Apple seems to be using the Top Charts section of its iPhone App Store to promote its own applications by listing apps like Numbers, Keynote, Pages, iMovie and iTunes U, in higher positions than they would normally rank. When viewed on an iPhone, these apps are showing up intermingled in the Top 20 Free applications on the iPhone, but when viewed from the desktop version of the App Store, they’re either not present at all within the Top 20, or in different positions.
The discrepancy, of course, could be related to a bug in Apple’s App Store ranking algorithm, but it’s a persistent one if that’s the case.
It doesn’t appear to be impacting the relative rankings of most other Top applications besides Apple’s. That is, Facebook Messenger is still at the top of the App Store, followed by newcomer Acapella from PicPlayPost, then YouTube and then Facebook.
However, in the desktop version of the store, a game called Twist is ranked higher than Instagram and Snapchat, while on the iPhone 6s version of the App Store, Twist shows up immediately after those two applications, even when the two charts were viewed at the same time.
Also interesting is the fact that Top Free Charts listings seem to vary from device to device. For example, with another TechCrunch writer, I compared the rankings from an iPhone 5s and an iPhone 6s, both running the latest version of iOS, at the exact same time and found we had two different versions of the App Store’s Top Free Charts on our respective phones.
On the 5s and 6s, iMovie ranked as the No. 3 Free app, but on the 5s Pages was No. 7 while it was No. 6 on the 6s. Numbers was No. 9 on the 5s, but No. 10 on the 6s. iTunes U was No. 11 on the 5s but No. 13 on the 6s.
iPhone 5s (iOS 9.1):
iPhone 6s (iOS 9.1):
Mac OS X (El Capitan) desktop:
The app store optimization firm Sensor Tower began investigating this odd behavior last week.
According to its initial findings, Apple’s apps seem to show up in random positions on the App Store app on the iPhone, and would sometimes remain listed in the Top Charts even after they were installed on the end user’s device. The company was alerted to this behavior when it noticed that its own ranking data wasn’t matching up with what was appearing in the App Store itself.
Only GarageBand and iTunes U should be ranking in the Top 10, per Sensor Tower’s data, but not Apple’s productivity suite apps or iMovie.
Sensor Tower first tested the App Store on several phones running the latest version of iOS (9.1), and has also now tested this on an iPhone 6 and iPad mini, and encountered the same discrepancies. Plus, they, too, noticed that the issue doesn’t affect the iTunes App Store for iPhone on the desktop.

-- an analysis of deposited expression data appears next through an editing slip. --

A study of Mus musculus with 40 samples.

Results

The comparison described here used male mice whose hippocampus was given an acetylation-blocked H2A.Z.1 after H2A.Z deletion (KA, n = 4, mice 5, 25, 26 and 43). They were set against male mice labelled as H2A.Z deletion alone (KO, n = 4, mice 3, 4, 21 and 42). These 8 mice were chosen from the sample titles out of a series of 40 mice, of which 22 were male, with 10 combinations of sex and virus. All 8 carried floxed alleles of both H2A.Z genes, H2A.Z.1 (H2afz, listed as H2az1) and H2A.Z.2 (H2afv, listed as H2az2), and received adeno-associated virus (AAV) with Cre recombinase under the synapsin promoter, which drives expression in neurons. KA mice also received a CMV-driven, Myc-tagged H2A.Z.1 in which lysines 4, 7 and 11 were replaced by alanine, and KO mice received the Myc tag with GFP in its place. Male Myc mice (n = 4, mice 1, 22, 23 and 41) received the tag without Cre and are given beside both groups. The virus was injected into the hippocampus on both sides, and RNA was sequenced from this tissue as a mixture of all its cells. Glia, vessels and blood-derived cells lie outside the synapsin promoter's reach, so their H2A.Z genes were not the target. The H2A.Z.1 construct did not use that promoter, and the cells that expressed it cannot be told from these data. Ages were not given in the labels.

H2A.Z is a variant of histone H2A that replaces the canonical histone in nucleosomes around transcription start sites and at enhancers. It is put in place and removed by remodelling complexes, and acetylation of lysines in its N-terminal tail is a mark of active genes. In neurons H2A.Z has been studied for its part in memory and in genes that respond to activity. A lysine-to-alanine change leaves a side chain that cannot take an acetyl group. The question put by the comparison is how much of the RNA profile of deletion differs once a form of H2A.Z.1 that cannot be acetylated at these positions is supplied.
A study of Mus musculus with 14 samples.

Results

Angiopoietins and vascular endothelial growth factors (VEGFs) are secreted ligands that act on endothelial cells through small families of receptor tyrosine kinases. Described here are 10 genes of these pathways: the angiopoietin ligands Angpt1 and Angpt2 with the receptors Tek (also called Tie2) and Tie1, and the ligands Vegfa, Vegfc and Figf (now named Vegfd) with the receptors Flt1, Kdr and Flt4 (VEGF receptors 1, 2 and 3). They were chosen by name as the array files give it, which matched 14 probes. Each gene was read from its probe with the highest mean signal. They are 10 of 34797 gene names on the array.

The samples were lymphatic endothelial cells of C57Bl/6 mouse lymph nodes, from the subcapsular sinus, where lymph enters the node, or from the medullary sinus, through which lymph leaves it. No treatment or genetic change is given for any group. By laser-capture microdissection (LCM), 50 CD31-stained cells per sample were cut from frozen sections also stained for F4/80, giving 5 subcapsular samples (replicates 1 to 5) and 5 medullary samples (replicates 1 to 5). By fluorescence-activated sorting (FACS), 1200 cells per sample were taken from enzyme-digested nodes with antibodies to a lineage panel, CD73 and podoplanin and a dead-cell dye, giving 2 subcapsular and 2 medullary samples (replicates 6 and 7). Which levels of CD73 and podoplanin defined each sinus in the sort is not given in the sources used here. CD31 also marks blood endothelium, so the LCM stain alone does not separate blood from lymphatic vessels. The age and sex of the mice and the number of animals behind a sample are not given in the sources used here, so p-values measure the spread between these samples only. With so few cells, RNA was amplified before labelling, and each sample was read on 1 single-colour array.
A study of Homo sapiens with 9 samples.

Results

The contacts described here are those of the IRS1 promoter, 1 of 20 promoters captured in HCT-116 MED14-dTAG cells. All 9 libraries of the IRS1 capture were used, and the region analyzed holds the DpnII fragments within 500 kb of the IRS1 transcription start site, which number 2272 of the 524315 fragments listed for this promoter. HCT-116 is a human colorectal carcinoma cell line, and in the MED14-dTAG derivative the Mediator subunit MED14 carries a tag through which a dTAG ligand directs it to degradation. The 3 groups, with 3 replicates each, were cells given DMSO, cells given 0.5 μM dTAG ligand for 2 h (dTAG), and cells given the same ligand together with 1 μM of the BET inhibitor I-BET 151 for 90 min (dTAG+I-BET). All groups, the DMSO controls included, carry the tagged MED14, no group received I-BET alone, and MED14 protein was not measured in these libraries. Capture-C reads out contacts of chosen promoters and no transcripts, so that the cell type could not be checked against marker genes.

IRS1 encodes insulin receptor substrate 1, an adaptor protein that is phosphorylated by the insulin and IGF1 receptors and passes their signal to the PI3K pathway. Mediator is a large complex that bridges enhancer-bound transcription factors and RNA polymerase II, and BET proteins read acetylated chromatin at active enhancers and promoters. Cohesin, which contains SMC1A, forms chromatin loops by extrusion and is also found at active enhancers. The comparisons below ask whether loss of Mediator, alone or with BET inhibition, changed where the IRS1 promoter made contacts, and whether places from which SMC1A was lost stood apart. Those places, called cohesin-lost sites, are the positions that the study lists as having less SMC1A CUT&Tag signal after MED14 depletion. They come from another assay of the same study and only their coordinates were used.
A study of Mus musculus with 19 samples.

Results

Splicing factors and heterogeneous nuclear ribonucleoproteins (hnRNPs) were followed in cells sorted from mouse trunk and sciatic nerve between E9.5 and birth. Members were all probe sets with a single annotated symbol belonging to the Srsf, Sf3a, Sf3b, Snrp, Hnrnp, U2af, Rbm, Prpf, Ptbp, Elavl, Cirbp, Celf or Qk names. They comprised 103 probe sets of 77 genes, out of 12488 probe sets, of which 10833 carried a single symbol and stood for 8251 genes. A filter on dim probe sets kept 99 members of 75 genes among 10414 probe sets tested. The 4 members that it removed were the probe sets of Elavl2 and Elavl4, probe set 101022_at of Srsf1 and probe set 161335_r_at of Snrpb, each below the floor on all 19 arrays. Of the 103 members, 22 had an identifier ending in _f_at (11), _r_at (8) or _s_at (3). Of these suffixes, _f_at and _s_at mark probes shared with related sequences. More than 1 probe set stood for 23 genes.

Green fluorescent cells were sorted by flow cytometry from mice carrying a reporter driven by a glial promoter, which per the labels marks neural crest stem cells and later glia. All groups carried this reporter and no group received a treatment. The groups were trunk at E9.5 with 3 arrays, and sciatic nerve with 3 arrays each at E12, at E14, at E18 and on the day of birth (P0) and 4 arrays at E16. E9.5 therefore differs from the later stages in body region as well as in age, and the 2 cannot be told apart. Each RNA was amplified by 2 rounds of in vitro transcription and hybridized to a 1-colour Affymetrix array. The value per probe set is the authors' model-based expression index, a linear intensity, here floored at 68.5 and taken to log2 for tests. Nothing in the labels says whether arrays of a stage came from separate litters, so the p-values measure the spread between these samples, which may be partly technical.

However, Sensor Tower found that an iPhone running an older version of the iOS software (8.3) didn’t have the same problem as the other devices.
The issue is strange because it can’t always be duplicated. AppFigures CEO Ariel Michaeli, for example, told us that he sees the same Top Charts on his iPhone and desktop.
Without Apple’s official confirmation (no comment has yet to be provided), you can’t officially chalk this up to being Apple’s direct, manual manipulation of the Top Charts rankings. It could be a bug.
That being said, it is worth pointing out that it wouldn’t be the first time Apple’s own apps “magically” appeared in the Top Charts on some devices and not others. For example, a Twitter user in May happened to spot a similar oddity on his iPhone 4 and iPhone 6. When viewing the App Store side-by-side on both devices, Keynote, GarageBand, Numbers and the Apple Store weren’t found on in the iPhone 4’s Top Charts but were on the iPhone 6, he claimed.
Apple has used its App Store to more blatantly promote its own apps in years past, too. For instance, it once started returning its own stock applications like the iTunes Store, Messages, Safari and even Siri when users searched for related terms on the App Store like “movies,” “sms,” “web,” or “Siri” and more. It also pointed users to iCloud, when that term was searched.
If the current ranking manipulation is being done manually, it would make sense that it would be device specific – users with new iPhones like the 6s or 6s Plus might be prompted to install Apple’s apps as they turn to the App Store’s Top Charts to fill up their new phone with applications.
For third-party developers, however, the question here is whether or not this manipulation (or glitch, if you’d rather), is impacting their own rankings. If Apple is inserting its own apps into the Top rankings, it could push down developers’ apps either out of the Top Charts altogether, or further down the list, depending on the device or end user.
Apple has always had device-specific charts, when it comes to comparing iPhones and iPads, for example, but we haven’t seen device-specific charts between two different models of the same device, e.g. two iPhones.